Talking through 25 — why I created a podcast on navigating the quarter-life crisis

girl looking off camera in a wintry setting
Photo by Aron Diaz (JA ’18)

Host Andrea Juarez (Journalism '18) talks with people who have already lived through turning 25, one of life's most confusing times. Juarez shares why she created the podcast and what she has learned along the way.

How was your life at age 25? Mine wasn’t what I had expected. I had gone through some disappointments and, instead of having my future all figured out, I felt lost. I was stuck, with no sense of direction where to go or what to do next.

The signs were undeniable — I had hit my incredibly illuminating quarter-life crisis.

To my surprise, I wasn’t alone. Many of my friends felt the same uncertainty and anxiety. My curiosity kicked in and I wondered: did previous generations ever experience this?

I went on a quest for answers and decided to ask my family, friends, and people I admire about their experiences. What were the opportunities they had seized and the challenges they had to endure? How have their lives been transformed since they were 25? And what advice do they have for today’s 20-somethings?

Interviews have always been my favourite part of being a journalist, and I’m a firm believer that by talking with others, we can learn from their experiences and wisdom and, ultimately, learn about ourselves. As I listened to their powerful stories, I realized these inspiring conversations would make a compelling podcast.

So I launched Project 25, now available on Spotify, Apple Podcasts and YouTube. It features episodes in English and Spanish, my first language, so listeners in Calgary and Mexico (where I emigrated from) can access the podcast and benefit from the advice provided.

As I reach the 30-episode mark, my interviews include five fellow SAIT alumni with whom I connected during my studies, in the workforce and through mutual friends. They’ve provided some of my favourite lessons — check them out below.

Through Project 25, I’ve learned that the feelings that arise during the quarter-life crisis are valid but, more importantly, I’ve witnessed the power of community, learned to find the magic in the unknown, and understood that no matter how weird things get, everything will be okay.

Five alumni insights from Project 25, selected by podcaster Andrea Juarez

black and white photo of Leah Hennel
Photo by HarderLee Photography
Journalism '98, Honorary Degree '22

"Ask yourself how you measure success — do you measure it as having a big home and making a lot of money? Or do you measure it as how you treat other people and how kind you are?" 

Award-winning photojournalist Leah Hennel's work appears in major publications and international news networks including the Globe and Mail, the Guardian and Reuters. She has photographed Summer and Winter Games for the Canadian Olympic Committee and recently published two photography books.


photo of Hector Flores
Photo by Antonieta Rojas
New Media Production and Design '17

"Take as much as you can from the buffet of life, because if you are still figuring out who you want to be or who you are, the best way to do it is to expose yourself to different experiences."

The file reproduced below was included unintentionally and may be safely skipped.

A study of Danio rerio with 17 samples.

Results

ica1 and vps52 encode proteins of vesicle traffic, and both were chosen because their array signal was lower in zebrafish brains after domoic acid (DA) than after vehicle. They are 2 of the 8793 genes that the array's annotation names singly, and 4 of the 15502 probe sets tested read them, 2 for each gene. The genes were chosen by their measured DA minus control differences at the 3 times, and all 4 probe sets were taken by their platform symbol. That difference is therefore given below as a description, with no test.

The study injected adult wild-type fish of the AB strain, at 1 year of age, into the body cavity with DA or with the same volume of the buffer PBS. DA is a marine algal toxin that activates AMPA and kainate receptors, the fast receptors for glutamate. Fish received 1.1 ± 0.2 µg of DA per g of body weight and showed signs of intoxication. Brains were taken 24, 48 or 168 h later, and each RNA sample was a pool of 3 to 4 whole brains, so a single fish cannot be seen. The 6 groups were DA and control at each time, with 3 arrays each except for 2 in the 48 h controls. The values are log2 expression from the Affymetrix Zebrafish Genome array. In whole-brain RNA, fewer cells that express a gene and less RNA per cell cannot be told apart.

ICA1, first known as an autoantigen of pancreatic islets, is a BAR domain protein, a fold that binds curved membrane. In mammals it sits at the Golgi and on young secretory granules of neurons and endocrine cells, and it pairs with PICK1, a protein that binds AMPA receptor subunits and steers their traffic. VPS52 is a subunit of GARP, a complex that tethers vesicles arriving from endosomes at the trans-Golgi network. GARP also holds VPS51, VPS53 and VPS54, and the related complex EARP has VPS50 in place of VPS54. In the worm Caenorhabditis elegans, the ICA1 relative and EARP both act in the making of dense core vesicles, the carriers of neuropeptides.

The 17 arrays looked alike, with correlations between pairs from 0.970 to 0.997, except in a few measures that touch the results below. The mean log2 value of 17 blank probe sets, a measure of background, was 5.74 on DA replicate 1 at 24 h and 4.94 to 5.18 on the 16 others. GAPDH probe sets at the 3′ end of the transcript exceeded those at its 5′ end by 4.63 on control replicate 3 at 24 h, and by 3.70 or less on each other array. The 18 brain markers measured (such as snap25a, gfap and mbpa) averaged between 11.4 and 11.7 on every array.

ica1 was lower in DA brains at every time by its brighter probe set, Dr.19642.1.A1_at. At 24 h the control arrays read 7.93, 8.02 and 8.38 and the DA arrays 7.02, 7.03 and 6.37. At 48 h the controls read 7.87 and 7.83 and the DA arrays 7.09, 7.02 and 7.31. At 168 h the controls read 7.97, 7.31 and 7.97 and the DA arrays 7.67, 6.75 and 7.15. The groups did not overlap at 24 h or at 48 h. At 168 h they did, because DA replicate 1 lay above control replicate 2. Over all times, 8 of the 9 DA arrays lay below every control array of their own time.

With a background in business development, communications, public relations, audiovisual and theatre production, graphic design and entrepreneurship, Hector Flores is Student Experience and Business Sustainment Specialist with SAIT's Office of the Registrar. He's also a father, tireless volunteer and accomplished actor.


photo of Adora Nwofor
Photo by Kokemor Studio
Petroleum Land Administration '07

"Take chances because you're never going to live this moment again. That's for everybody. Know that being old is a privilege and that you don't have to freak out now. You don't have to have it all figured out."

Adora Nwofor is a comedian, an activist, an anthropologist, a stylist, a mom, a public speaker and an entrepreneur. President of Black Lives Matter YYC, she's also the writer, producer and host of Calgary Art Development's Living a Creative Life web series.  


photo of Jorge Torres
Photo by Madelaine Meloche (MLT '21)
Business Administration '11

"Don't listen to social media or to the preconception that you need to have everything figured out by 25. All realities are different, and it's okay for you to make a mistake or to realize a certain path isn't for you and start over. Starting over is an act of bravery."

Director of Development at Haskayne School of Business with the University of Calgary, Jorge Torres is a fund development manager, a father, an artist, an avid hiker and volunteer who is passionate about making a difference.  


Black and white photo of Candice Ward
Photo by HarderLee Photography
Journalism '08

"If you were successful at everything you did, you're not growing and you're not learning. Put yourself out there and fail a ton, because that's when the funny and memorable stuff happens."

Freelance sports photographer Candice Ward shoots for Getty Images and other outlets. Named to its 2016 Most Influential Women in Sport and Physical Activity list by Canadian Women & Sport, she also received an Aboriginal Role Model Award for Arts/Media in 2018.  


🎧 Listen up!

Connect with the SAIT community to hear inspiring conversations with subject matter experts and leaders working in the industry. Start listing to Project 25 or explore other podcasts created by SAIT alumni, including Crime Reporter Nancy Hixt's Crime Beat.